Cloud computing holds great promise for customers and entrepreneurs in the United States and around the world. It offers users – including governments and enterprises – the opportunity to pay only for the computing they use rather than maintaining all their computing needs and resources themselves. For innovators, the cloud offers a greatly reduced cost of entry into a market heretofore dominated by big players. However, there are policy challenges to be addressed. Fully realizing this potential requires unprecedented cooperation between industry, consumers and governments to ensure individual privacy and data security and ensure confidence in the remote storage of critical information. Not all are optimistic about the future of cloud computing because of the centralization of personal information, concentrated threats to security and the questions it raises about national sovereignty. This panel, moderated by Jonathan Zuck, president of the Association for Competitive Technology, explored opportunities and challenges of “the cloud.”
Details of the session:
There is a need for discussion about the opportunities and challenges of cloud computing in the public policy arena because of the popularity of platforms like Flickr, Facebook, fantasy sports leagues, Google and Amazon, according to panelists in a cloud computing workshop at the IGF-USA conference July 21 in Washington, D.C.
- John Morris, general counsel, Center for Democracy and Technology
- Dan Castro, senior analyst, Information Technology and Innovation Foundation
- Jack Suess, vice president of information technology, University of Maryland
- Evan Burfield, chief executive officer, Synteractive
- Marc Berejka, policy advisor, office of the secretary, U.S. Department of Commerce
Cloud computing offers users — including governments and enterprises — the opportunity to pay only for the computing they use rather than maintaining all their computing needs and resources themselves. This allows innovators to have increased access to the market at a reduced price, increasing competition in the market.
“There is a definite trend to using cloud computing,” Castro said. “There are much lower start-up costs because they don’t have to pay for the infrastructure. It gives you the ability to scale up or scale down. “
A common question is if data posted on cloud computing platforms is secure. The risks to data security and integrity rise with transnational cloud computing. Cloud users often do not know which law enforcement rules apply to their data.
“They don’t even know for sure where the data is; they don’t know exactly what country the data is in,” Morris said. “The challenges of being a cloud computing service provider and how to respond to law enforcement requests are very significant.”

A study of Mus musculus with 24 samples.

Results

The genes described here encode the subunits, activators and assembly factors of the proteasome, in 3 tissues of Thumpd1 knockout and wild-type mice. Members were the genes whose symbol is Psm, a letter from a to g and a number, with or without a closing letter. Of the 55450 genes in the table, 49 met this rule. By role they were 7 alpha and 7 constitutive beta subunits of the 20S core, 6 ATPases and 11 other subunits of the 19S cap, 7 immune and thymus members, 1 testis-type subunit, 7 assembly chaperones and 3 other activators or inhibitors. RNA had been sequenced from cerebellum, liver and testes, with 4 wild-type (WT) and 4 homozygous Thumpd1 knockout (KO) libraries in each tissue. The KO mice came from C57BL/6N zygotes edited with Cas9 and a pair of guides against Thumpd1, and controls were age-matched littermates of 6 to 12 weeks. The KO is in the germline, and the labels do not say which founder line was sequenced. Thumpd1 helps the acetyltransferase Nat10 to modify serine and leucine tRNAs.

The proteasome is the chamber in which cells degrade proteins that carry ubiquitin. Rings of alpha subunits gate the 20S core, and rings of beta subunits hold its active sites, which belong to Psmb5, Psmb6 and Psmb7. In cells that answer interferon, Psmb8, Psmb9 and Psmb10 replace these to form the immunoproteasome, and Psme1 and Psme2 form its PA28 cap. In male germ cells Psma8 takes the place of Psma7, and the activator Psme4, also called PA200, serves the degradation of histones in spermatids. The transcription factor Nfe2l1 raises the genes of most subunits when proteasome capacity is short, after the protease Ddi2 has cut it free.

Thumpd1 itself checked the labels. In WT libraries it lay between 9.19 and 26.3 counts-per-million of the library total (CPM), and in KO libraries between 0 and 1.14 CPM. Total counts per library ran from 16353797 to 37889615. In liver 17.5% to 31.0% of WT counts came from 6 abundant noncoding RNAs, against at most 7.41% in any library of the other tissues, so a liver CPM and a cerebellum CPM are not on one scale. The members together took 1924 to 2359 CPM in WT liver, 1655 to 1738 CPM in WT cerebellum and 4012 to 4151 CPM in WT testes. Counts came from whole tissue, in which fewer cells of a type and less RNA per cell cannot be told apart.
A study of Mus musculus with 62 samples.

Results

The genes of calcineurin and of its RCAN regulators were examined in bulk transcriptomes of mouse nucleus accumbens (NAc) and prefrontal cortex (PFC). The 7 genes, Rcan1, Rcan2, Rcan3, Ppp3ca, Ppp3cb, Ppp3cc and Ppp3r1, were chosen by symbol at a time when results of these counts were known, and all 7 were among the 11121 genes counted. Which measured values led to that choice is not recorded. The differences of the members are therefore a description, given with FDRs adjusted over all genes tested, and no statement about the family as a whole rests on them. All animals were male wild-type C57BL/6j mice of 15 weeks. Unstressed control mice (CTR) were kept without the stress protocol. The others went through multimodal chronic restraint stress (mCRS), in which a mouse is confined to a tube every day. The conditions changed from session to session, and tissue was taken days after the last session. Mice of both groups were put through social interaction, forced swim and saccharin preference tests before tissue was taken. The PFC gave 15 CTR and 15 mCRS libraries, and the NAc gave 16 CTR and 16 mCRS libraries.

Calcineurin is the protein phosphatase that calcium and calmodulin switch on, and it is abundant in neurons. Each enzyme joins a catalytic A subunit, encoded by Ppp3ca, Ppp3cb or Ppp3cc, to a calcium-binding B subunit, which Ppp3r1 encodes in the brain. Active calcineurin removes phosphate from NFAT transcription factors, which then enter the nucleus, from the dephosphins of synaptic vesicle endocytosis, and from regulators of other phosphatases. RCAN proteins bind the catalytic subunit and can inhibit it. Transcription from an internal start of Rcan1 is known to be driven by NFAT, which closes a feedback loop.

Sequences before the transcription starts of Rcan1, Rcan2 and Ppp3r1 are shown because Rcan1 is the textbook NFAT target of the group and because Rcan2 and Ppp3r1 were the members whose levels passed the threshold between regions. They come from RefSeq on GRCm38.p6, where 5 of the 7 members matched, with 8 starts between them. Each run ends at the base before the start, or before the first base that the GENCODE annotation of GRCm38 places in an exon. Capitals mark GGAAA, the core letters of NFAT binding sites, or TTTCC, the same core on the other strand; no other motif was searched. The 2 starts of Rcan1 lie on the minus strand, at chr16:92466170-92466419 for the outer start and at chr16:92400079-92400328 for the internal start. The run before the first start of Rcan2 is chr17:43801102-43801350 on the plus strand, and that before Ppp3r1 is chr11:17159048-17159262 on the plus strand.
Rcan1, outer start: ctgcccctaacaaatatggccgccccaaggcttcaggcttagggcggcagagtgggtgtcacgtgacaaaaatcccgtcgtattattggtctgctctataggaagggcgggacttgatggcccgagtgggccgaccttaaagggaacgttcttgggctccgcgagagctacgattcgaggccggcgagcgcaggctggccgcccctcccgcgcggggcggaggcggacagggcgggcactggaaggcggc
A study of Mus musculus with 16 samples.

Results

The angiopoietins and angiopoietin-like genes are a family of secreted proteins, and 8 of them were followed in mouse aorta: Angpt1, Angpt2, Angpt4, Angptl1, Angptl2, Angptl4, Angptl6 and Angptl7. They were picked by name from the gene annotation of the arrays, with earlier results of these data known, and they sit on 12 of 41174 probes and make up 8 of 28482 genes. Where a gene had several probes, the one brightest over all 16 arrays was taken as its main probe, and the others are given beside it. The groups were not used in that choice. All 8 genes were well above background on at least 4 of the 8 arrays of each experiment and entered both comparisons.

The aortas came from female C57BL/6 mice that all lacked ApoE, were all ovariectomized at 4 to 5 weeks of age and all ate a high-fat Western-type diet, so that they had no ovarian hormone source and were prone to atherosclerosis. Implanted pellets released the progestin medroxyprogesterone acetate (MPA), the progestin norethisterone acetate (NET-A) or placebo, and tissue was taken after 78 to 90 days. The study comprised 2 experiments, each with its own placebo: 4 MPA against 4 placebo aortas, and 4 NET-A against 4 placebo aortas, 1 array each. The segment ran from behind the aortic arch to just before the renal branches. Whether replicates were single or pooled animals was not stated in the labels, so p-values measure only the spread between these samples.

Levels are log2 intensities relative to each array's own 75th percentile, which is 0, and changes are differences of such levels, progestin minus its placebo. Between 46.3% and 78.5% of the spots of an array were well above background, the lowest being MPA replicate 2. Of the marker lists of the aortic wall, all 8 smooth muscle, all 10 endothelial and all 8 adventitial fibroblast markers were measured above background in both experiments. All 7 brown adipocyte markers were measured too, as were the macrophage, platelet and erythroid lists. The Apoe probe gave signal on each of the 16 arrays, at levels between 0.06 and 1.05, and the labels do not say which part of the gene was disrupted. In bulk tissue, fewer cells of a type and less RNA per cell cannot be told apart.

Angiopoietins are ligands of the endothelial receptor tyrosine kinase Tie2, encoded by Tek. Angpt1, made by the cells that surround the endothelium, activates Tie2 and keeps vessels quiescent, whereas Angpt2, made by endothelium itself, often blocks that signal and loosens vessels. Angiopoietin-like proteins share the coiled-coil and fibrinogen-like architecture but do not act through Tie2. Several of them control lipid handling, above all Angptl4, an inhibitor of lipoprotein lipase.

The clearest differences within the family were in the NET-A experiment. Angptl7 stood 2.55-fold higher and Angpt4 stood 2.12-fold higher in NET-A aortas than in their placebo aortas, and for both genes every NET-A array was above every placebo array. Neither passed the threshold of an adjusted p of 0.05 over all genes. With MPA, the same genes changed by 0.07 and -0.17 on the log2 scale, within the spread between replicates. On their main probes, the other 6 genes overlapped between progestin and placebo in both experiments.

If a cloud customer lives in the United States, but her data is stored on a server in another country, does that make her data more or less secure? Will the laws of the other country alter her rights regarding the actions she takes online?
“I think we will move to seeing risks to free speech on the Internet due to cloud computing,” Morris said. “I think that cloud computing could lead to repression.”
The panel also discussed issued tied to cloud computing and intellectual property.
“As we do move into the cloud there is a question about if we want to protect copyright protection,” Castro said. “Can service providers do a better job? We have a lot of intellectual property in the United States that we care about.”
Panelists noted that cloud computing presents completely new challenges in regard to cybersecurity, copyright protection and free flow of information on the Internet. “In the 1990s, during the version 1.0 era, the government philosophy on the Internet was ‘hands off,’” Berejka said. “We are now truly globally interconnected; it’s not a theory any more. Our philosophy is still to do no harm, but that might not necessarily translate into doing nothing.”
Higher education is one industry that has found a way to take advantage of cloud computing platforms. The outsourcing of student e-mail is becoming common, broadband and advanced networking are available to many more participants and vendor and government support for federations like InCommon is increasing.
“A lot of universities are coming together and thinking about community cloud services,” Suess said. “Higher education likes to collaborate with one another but one of the things that is holding the cloud back is stability. And trust is another question.”
Small businesses are also able to take advantage of cloud computing platforms. Burfield’s company, Synteractive, has 45 employees. He said they have no servers, conduct all their e-mail business in the cloud, use Skype for meetings and use Facebook for marketing. His company created recovery.gov for President Obama’s administration. They built the platform on an Amazon-provided server in about a week, creating the entire platform in the cloud.
“For a small business like ours it’s a great competitive advantage that never existed before,” Burfield said.
Cloud computing is allowing small businesses to be competitive, but there are still limits to what cloud computing services can do.
“For the cloud computing revolution to really work for consumers we need for the industry to move to a world of robust data portability,” Morris said. “The real promise of cloud computing for consumers is innovation and competition. I hope that there is data portability so when a new service comes online I can take my data and try the new service.”